China and India share dryland farming tips
[HYDERABAD] Researchers in China and India have joined forces to explore the best ways of turning unpromising drylands into productive farming land.
Public and private sector organisations from both countries are participating in a 'learning platform' to share experiences of what works in the field.
Both countries have examples of successful dryland agriculture but these rarely gain exposure, said Rajeswari Raina, a researcher at India's National Institute of Science, Technology and Development Studies, at a workshop to launch the platform held at the Central Research Institute for Dryland Agriculture in Hyderabad last week (27 November).
Funded by the International Development Research Centre (IDRC), the learning platform is part of a five-year series of activities looking at how innovation systems in China and India can include the rural poor.
The idea is to "bring the best research evidence [on dryland agriculture] in front of decision makers," said Stephen McGurk, regional director of IDRC's South Asia and China office.
Raina, who will coordinate the project in India, said that there are many success stories. An example is an experiment with 'zero pesticide' villages supported by Andhra Pradesh state government in India.
It involves using local natural resources such as plant products, cattle dung, neem cake (the by-product of making oil from the neem tree) and compost instead of chemical fertilisers and pesticides. Networks of self-help women's groups have been set up to act as a decentralised agricultural extension system.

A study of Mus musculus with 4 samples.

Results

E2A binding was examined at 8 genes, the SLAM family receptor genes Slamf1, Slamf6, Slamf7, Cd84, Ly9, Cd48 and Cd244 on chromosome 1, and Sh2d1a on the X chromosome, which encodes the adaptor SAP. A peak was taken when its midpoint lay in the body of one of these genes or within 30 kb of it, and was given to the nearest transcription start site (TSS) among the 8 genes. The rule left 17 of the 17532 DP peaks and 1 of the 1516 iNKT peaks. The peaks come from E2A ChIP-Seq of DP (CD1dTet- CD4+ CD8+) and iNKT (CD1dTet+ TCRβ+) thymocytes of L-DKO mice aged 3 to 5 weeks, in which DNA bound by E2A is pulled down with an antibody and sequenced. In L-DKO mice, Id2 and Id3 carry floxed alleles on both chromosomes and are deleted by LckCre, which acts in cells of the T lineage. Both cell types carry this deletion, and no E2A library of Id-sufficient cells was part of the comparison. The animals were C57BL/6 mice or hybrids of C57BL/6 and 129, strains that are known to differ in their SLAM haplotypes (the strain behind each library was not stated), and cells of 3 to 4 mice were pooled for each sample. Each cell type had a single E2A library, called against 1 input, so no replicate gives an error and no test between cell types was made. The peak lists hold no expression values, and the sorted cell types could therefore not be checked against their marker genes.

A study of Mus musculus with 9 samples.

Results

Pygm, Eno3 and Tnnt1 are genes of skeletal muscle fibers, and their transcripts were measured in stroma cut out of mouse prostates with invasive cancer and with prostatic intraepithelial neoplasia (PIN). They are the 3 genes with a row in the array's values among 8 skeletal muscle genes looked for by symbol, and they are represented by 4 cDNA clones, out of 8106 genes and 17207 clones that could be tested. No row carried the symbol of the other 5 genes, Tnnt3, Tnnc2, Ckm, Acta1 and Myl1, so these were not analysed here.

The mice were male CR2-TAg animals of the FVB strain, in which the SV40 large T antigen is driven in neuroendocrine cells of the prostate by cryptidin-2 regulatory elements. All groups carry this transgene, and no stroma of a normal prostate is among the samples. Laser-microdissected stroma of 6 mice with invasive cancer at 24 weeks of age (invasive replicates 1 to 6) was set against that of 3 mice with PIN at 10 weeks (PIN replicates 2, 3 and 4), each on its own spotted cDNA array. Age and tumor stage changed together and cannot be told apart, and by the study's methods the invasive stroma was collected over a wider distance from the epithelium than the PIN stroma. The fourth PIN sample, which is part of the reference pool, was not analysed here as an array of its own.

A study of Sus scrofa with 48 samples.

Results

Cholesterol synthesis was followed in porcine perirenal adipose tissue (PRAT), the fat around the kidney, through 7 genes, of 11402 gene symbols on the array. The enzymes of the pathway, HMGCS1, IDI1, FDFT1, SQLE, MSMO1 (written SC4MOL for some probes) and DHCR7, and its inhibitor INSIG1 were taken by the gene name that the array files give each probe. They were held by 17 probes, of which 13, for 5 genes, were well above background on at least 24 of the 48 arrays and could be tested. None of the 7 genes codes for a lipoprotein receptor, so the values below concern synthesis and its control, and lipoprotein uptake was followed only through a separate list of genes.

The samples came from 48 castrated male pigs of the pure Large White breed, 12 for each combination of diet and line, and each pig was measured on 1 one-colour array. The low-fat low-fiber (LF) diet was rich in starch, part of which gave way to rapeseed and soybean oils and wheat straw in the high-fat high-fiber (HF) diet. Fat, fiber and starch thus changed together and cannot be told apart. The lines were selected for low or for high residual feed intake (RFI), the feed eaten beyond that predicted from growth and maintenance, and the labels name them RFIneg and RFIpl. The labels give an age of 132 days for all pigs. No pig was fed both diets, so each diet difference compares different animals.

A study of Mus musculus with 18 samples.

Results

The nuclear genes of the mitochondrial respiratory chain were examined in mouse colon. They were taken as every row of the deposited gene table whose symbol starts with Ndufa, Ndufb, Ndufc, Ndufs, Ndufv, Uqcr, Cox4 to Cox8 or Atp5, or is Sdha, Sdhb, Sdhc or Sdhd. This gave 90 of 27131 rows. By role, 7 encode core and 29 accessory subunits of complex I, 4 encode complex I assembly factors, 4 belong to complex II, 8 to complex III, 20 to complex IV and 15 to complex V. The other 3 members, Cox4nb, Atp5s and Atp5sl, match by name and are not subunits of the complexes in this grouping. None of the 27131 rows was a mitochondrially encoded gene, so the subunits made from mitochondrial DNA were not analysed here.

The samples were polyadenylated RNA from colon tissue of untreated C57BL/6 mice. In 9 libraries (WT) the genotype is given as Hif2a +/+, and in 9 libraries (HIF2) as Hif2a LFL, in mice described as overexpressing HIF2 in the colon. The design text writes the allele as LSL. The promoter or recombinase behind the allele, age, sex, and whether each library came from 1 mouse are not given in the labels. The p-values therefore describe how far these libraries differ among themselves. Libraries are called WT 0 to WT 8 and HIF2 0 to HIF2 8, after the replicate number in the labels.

The project, which started in 2005, aims to cover two million acres by the end of 2009, about a tenth of the state's cultivable area.
And in China, the poor, remote mountainous region of Shanxiahu — which can support little agriculture — now has clusters of small companies culturing freshwater pearls. It has become one of the largest pearl-producing hubs in the world.
Shanxiahu's success hinges on government support, independent research and development to solve bottlenecks in pearl processing, as well as informal, patent-free innovations to promote knowledge transfer, said Zuhui Huang, a professor at Zhejiang University and a member of China's team on the learning platform.
"Innovation systems are often mistaken for only high-tech or original technological contributions," added Raina.
"But innovation also comes about through combinations of technological improvements and institutional changes in the economy and other support systems such as market incentives and participation of local communities."
Ye Chunhui, a scientist at the Center for Agricultural and Rural Development at Zhejiang University, agreed. "A bottom-up, participatory model of agricultural technology innovation is needed," he said.